I get a kick out of watching how the cycle of emotions never changes over time. If there’s one guarantee in the markets it is that people respond to the same environments with the same cyclical thought process. And it’s funny to see how some portfolio managers think they’re immune to it. As if only the guy on the street is vulnerable to the rollercoaster ride of emotions. But nothing could be further from the truth.
Although the financial crisis might feel like it was a lifetime ago, the cycle of various strategic approaches to this market is fresh on my mind. We all know the cycle of emotions. You tend to feel euphoric at the peak, panicked at the trough and generally confused all the way inbetween. Don’t worry – portfolio managers are no better. They just express their emotions in varying degrees of active portfolio management with fancier sounding ways to express the rollercoaster ride they’re on.
So it’s been fun to watch how often we used to hear about certain approaches in recent years:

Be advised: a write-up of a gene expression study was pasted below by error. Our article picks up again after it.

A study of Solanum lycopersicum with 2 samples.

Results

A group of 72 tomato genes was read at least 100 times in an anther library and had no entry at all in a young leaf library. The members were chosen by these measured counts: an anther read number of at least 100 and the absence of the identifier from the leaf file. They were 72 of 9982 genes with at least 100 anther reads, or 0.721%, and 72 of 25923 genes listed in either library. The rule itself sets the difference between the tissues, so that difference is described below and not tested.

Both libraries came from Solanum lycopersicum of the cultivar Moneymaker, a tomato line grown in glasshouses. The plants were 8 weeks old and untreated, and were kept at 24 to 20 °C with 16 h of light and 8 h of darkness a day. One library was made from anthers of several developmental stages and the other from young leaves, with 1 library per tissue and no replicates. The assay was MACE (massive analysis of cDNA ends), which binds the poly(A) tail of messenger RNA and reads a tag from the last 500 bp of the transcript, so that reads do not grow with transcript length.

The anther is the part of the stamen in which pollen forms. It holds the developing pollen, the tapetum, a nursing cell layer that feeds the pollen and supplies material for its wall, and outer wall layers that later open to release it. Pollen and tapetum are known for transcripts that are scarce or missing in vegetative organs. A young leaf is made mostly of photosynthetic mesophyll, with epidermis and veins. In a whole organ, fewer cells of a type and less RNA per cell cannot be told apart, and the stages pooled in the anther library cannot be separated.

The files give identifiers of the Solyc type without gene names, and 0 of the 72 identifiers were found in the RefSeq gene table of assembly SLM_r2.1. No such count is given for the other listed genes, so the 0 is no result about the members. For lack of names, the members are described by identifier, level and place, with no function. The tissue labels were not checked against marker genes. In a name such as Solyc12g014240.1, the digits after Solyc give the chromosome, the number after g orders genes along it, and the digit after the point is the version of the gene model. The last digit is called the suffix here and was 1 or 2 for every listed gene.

- In 2009 buy and hold died.
- Almost everyone became a trader at the trough of the crisis.
- Then it was “buy the dips, sell the rips”.
- Then it was all about high quality dividend names.
- Then it was a “stock pickers market”.
- Now buy and hold is all you hear about from anyone.
- “Stocks for the long run!”
- Then long only via defensive names will be the only game in town.
- Then buy and hold will die.
- Then short strategies dominate.
- Then tactical approaches win, hedge funds are your only savior, etc, etc.
Rinse, wash and repeat….Don’t worry, portfolio managers are just like everyone else. They just express their emotions in different & fancier money losing terminology.